Federal prosecutors filed perjury charges against the head of an Illinois Islamic charity Tuesday and accused his organization of supporting terrorists, including a man who allegedly tried to acquire nuclear weapons for Osama bin Laden.

CBS News Correspondent Jim Stewart reports that federal agents arrested Enaam Arnaout of the Benevolence International Foundation, charging him with perjury and alleging he "had a relationship with bin Laden that dated to the late 1980s" and that "donors to the charity had been victimized."

The FBI charged in an affidavit that the charity had links to individuals involved in the 1993 World Trade Center bombing, a plot to bomb U.S. airlines and a plan to assassinate the pope.

The FBI affidavit does not accuse Arnaout or the organization with involvement in those plots. But it alleges that they lied about their ties to terrorists who were involved and says they forwarded $685,560 between January and April 2000 to Islamic guerillas trained by bin Laden's group to fight the Russians in Chechnya.


"This complaint alleges Benevolence International Foundation was supporting violence secretly," U.S. Attorney Patrick Fitzgerald said.

Fitzgerald said it was important to note that "donors (to the charity) have done nothing wrong. This is a prosecution aimed at fraud and perjury. It is not a prosecution aimed at charities."

Arnaout, a 39-year-old Syrian-born naturalized American, was arrested Tuesday at his suburban Chicago home and appeared before U.S. Magistrate Judge Ian Levin to hear the charges against him. Prosecutors said they would seek to have Arnaout held without bail; the judge ordered him held until a detention hearing May 7.

Arnaout's attorney Stephen Levy said his client had sought to leave the country to visit his sick mother in Saudi Arabia and would have returned.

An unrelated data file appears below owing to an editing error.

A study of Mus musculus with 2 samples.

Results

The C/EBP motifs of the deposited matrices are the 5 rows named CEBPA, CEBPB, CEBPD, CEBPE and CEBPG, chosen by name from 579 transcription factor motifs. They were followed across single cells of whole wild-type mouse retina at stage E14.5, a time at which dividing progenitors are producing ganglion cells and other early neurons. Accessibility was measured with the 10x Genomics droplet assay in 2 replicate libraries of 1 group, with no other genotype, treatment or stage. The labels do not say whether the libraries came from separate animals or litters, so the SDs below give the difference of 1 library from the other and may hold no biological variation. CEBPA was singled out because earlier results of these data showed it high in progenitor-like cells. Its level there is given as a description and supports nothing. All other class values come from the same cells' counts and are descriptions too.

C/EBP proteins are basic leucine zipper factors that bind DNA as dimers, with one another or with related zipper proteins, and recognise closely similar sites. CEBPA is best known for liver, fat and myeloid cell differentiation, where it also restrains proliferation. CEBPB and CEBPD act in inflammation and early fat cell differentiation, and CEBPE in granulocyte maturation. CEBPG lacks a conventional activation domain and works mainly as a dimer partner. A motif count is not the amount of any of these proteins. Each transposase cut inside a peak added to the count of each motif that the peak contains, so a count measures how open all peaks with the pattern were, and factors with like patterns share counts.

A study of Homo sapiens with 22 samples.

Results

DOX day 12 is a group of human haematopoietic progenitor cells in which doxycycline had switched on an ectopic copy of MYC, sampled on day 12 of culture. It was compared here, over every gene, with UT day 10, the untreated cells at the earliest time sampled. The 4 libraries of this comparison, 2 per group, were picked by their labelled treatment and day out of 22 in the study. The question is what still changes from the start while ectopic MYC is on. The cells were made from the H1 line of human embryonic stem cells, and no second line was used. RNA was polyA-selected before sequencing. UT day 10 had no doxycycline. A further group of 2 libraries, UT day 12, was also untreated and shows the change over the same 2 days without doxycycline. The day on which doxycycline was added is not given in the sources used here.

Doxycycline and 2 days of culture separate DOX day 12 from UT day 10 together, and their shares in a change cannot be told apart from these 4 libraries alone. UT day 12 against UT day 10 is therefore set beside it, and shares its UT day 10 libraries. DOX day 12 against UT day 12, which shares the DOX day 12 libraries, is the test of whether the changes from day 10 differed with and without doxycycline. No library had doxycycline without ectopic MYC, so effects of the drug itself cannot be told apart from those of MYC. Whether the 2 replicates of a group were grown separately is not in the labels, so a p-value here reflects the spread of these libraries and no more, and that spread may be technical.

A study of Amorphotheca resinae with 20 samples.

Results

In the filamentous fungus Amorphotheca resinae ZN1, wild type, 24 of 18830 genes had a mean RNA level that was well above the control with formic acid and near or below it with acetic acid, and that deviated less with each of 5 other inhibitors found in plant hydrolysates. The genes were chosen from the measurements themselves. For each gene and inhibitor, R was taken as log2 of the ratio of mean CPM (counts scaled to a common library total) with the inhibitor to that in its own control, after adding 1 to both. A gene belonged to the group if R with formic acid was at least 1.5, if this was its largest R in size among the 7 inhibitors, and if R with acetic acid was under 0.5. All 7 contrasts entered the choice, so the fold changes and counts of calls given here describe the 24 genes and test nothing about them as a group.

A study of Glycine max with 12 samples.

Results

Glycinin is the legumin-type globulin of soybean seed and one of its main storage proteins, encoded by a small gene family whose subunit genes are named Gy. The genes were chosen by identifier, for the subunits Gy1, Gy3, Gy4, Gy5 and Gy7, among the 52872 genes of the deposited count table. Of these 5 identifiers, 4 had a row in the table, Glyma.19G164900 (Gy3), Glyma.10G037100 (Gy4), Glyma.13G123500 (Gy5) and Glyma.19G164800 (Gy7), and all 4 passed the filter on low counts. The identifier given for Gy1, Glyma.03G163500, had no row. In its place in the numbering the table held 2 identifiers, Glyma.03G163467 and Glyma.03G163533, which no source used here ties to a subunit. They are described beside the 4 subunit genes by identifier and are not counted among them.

"I am confident that Mr. Arnaout is not engaged in terrorist activities, nor has he supported such activities knowingly or directly," Levy said. He said that if federal officials granted Arnaout immunity from prosecution, "he would be more than helpful."

The government's court filing cited four confidential informants who provided information about links between the charity and terrorism, one of whom said that Arnaout was considering fleeing the United States.

The complaint includes allegations that the foundation sponsored Mamdouh Salim, a bin Laden associate, for a trip to Bosnia. Salim, the affidavit says, had at one time attempted to get nuclear and chemical weapons for the al Qaeda terrorist organization.

"When he traveled into Bosnia he traveled on a visa arranged by Benevolence International Foundation and Arnaout," Fitzgerald said. "His hotel was paid for Benevolence International Foundation."

He is awaiting trial in New York on charges of conspiring to kill Americans and has pleaded guilty to trying to kill a corrections officer there. While in Bosnia, he was described in writing signed in Arnaout's name as a Benevolence director, the affidavit said.

It said another man, Mohamed Bayazid, also "made efforts to get uranium for al Qaeda to develop a nuclear weapon." Fitzgerald said evidence presented in a New York court shows that the two men made that effort in the Sudan in 1994 and there is no sign that they succeeded.

Benevolence International is one of two Chicago-area Islamic charities that has had assets frozen by the government.

The government is also detaining the co-founder of Global Relief Foundation, the other organization, on an immigration violation.

Both groups have sued the government, denying that they have anything to do with terrorism.

But the government says Arnaout had known bin Laden since the mid-1980s, according to documents and informers. A March 19 raid on a Benevolence International office in Bosnia turned up photos of bin Laden in Afghanistan as well photos of Arnaout holding several weapons. Those photos probably dated to the 1980s, the affidavit said.

Informants also said that Arnaout at one time handled money for bin Laden, the government said. A cooperating witness said that the organization was used in the early 1990s by bin Laden to transfer money to bank accounts of relief organizations that also supplied funds to terrorists.

While living in Pakistan, Arnaout let one of bin Laden's wives stay at his apartment, which the government says showed bin Laden trusted him.

The group's headquarters in suburban Palos Hills was raided by federal agents on Dec. 14 and its assets were frozen. Federal officials said the charity was suspected of involvement with terrorist groups.

The organization then sued the government, saying it has nothing to do with terrorism and demanding the release of its assets. The government says the group lied in that lawsuit.

The affidavit signed by FBI Agent Robert Walker said that the organization was founded by a wealthy Saudi sheik, Adil Abdul Galil Betargy, who is an associate of bin Laden, according to documents seized in Bosnia.